Call me strange, but long train journeys are one of my favourite things. I love idly staring out of the window at the ever-changing landscape: thinking; dreaming; contemplating; mulling; musing, even. However, the BBC has kindly pointed out what a dull, uncool, boring waste of time this is.
In the corporation’s latest advert for iPlayer, we see a train full of people, but none of them are looking out of the window. No, they are all hidden behind their various phones, laptops and tablets, so they can catch up with their favourite BBC programmes. According to the advert, journeys without access to iPlayer are “boring”.
Ah yes, the boredom of looking at the outside world. The unremitting tedium of seeing where you have been, getting a sense of where you are, and discovering the place where you are going. When crossing the Glenfinnan viaduct, who would want to waste a moment glancing up from their phone, when they could be glued to the latest episode of Mrs Brown’s Boys?
The word that came to my mind when I saw the iPlayer ad wasn’t “boring”, it was “tragic”. Don’t forget, this advert is saying that the ideal scenario, the most interesting option of all, is to ignore everything around you – people, situations, scenery, beauty, life – and bury yourself in a screen. As if people who do little else except watch television aren’t boring.
I couldn’t dislike this advert more if it had Jonathan Ross in it. It celebrates separation and isolation; it scorns individuals who want to engage with the world. Talking to fellow passengers (even making eye-contact with them), having some independent (perhaps even creative) thoughts, taking some time to relax and reflect – all condemned as “boring”.
However useful it may be, a screen will always create a barrier between its user and reality. A recent study by American scientists has shown that when people take lots of photographs of an event, it impairs their actual memories of it. After the moment has passed, yes, they have the photos, but that’s all they have. When people stay behind the camera, watch everything through the lens and fail to fully immerse themselves in what’s happening, they effectively miss out on the experience itself. Ironic isn’t it? The process of photography actually distances us from the thing we’re trying to remember.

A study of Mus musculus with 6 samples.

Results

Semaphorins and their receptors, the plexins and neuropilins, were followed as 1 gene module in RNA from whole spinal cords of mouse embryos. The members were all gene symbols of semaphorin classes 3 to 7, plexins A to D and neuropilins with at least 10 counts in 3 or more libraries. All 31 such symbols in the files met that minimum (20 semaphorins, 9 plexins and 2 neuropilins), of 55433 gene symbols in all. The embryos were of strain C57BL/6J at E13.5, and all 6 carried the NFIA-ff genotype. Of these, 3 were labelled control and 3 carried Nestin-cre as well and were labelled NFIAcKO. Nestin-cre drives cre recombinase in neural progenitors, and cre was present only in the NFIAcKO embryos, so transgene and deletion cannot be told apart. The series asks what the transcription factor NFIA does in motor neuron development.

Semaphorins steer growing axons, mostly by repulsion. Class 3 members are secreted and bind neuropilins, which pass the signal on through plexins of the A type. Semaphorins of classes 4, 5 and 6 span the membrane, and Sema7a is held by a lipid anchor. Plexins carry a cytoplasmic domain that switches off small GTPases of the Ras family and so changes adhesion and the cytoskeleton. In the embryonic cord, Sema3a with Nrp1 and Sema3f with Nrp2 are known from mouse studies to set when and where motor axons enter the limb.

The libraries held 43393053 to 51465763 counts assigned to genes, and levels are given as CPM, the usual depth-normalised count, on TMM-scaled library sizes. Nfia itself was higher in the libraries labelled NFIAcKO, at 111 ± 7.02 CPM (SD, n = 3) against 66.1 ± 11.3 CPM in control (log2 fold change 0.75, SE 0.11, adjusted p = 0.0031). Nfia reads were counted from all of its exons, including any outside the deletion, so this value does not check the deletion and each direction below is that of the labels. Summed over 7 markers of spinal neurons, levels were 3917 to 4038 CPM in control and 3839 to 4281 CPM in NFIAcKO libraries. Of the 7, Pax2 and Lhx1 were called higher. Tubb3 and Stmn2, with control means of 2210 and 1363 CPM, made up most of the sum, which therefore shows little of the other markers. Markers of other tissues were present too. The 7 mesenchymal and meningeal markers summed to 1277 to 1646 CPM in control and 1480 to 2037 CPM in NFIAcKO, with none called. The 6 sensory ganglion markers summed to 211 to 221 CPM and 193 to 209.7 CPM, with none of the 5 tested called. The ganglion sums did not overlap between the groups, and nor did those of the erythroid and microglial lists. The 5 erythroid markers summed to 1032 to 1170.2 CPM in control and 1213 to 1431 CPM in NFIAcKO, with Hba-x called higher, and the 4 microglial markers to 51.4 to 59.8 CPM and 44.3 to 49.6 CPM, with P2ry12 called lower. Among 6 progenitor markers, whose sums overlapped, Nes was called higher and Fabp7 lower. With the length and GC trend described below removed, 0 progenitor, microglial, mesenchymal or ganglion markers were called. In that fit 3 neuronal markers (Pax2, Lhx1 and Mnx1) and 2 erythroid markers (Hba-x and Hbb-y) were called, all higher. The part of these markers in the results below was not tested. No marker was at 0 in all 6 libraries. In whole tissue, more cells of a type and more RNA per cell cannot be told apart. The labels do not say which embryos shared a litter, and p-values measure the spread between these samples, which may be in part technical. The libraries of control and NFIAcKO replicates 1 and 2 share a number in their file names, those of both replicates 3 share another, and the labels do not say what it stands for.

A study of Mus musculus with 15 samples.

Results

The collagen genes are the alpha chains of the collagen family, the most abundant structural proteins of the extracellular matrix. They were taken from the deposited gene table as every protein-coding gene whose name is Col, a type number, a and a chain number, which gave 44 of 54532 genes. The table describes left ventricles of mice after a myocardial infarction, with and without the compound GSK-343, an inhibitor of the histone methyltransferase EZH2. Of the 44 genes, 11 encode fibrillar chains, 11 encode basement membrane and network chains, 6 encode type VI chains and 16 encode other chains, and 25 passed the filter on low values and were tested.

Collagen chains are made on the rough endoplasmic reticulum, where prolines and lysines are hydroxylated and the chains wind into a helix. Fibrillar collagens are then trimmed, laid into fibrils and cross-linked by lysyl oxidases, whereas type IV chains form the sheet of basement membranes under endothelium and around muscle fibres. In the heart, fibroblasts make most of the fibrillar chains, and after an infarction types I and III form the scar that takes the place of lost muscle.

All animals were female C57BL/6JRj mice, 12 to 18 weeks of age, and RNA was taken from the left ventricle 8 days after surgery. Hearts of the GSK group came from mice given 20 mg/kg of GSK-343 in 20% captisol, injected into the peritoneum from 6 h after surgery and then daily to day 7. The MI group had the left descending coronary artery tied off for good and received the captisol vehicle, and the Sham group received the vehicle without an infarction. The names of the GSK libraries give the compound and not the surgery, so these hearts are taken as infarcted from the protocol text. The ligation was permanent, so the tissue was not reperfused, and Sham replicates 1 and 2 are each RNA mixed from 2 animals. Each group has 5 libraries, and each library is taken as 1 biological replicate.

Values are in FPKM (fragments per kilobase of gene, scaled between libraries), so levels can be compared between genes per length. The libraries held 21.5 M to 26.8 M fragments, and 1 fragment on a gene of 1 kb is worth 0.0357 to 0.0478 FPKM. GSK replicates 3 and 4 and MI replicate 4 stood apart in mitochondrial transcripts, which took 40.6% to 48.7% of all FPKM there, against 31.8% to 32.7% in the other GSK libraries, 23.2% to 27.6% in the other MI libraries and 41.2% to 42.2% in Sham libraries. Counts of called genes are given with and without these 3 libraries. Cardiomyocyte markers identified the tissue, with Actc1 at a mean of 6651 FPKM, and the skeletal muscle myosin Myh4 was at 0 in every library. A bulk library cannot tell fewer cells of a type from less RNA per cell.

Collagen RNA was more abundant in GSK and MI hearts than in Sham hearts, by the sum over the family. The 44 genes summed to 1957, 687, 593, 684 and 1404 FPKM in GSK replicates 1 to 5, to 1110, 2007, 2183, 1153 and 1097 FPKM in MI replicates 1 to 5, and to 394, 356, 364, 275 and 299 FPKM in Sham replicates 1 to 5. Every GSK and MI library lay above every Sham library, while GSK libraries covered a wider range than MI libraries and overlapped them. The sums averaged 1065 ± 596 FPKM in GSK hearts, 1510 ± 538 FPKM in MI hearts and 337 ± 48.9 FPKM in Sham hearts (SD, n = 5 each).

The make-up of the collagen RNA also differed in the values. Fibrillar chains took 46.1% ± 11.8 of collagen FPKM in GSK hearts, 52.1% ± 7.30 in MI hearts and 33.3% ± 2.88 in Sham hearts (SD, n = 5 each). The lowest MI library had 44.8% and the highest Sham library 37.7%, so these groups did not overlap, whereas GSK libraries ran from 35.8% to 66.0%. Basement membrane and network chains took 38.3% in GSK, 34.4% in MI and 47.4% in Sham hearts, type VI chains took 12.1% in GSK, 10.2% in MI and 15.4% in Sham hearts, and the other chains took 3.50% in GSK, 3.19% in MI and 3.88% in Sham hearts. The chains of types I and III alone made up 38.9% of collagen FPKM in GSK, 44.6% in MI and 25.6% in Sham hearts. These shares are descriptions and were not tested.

Australian satirical website The Shovel hit the nail right on the head when it ran a (fictional, but oh, so believable) story about a man who accidentally went to a concert without his phone, so he was forced to watch the entire show “with his eyes”. This was a shock to him because: “Everything seemed really large and vivid. It was almost as if I was actually there.”
But no worries: “He rushed home after the concert to watch a low-grade recording of it on YouTube. ‘At least I feel like I’ve got my money’s worth now,’ he said.”
I often find that I’m the only person watching a real-time event “with my eyes”. Everybody else seems to be viewing it through phones, cameras or tablets. They’re all trying to get the best shot. I’m just trying to enjoy it as much as possible, because I know it won’t come around again. I can watch recordings of it over and over, until the cows come home, but never again will it feel like it did when it was actually happening.
A train journey might not be as exciting or as memorable as seeing your idol in concert, but it is still a little piece of your life and, as such, it deserves some acknowledgement.
Please, put down your screen and emerge into the real world. Take a look around you and focus on where you are. OK, chances are that all you’ll see is a load of other human beings, noses buried in Kindles, smartphones and BBC iPlayer, utterly oblivious to you and everything around them, but never mind, you can’t win ’em all.
What matters is that you have just broken away from the herd.
Now, feel free to have some unique thoughts of your own.
Wonder, ponder, meditate.
Dare to reflect on subjects unknown to the BBC schedules. People might think you’re strange, but they can never call you boring.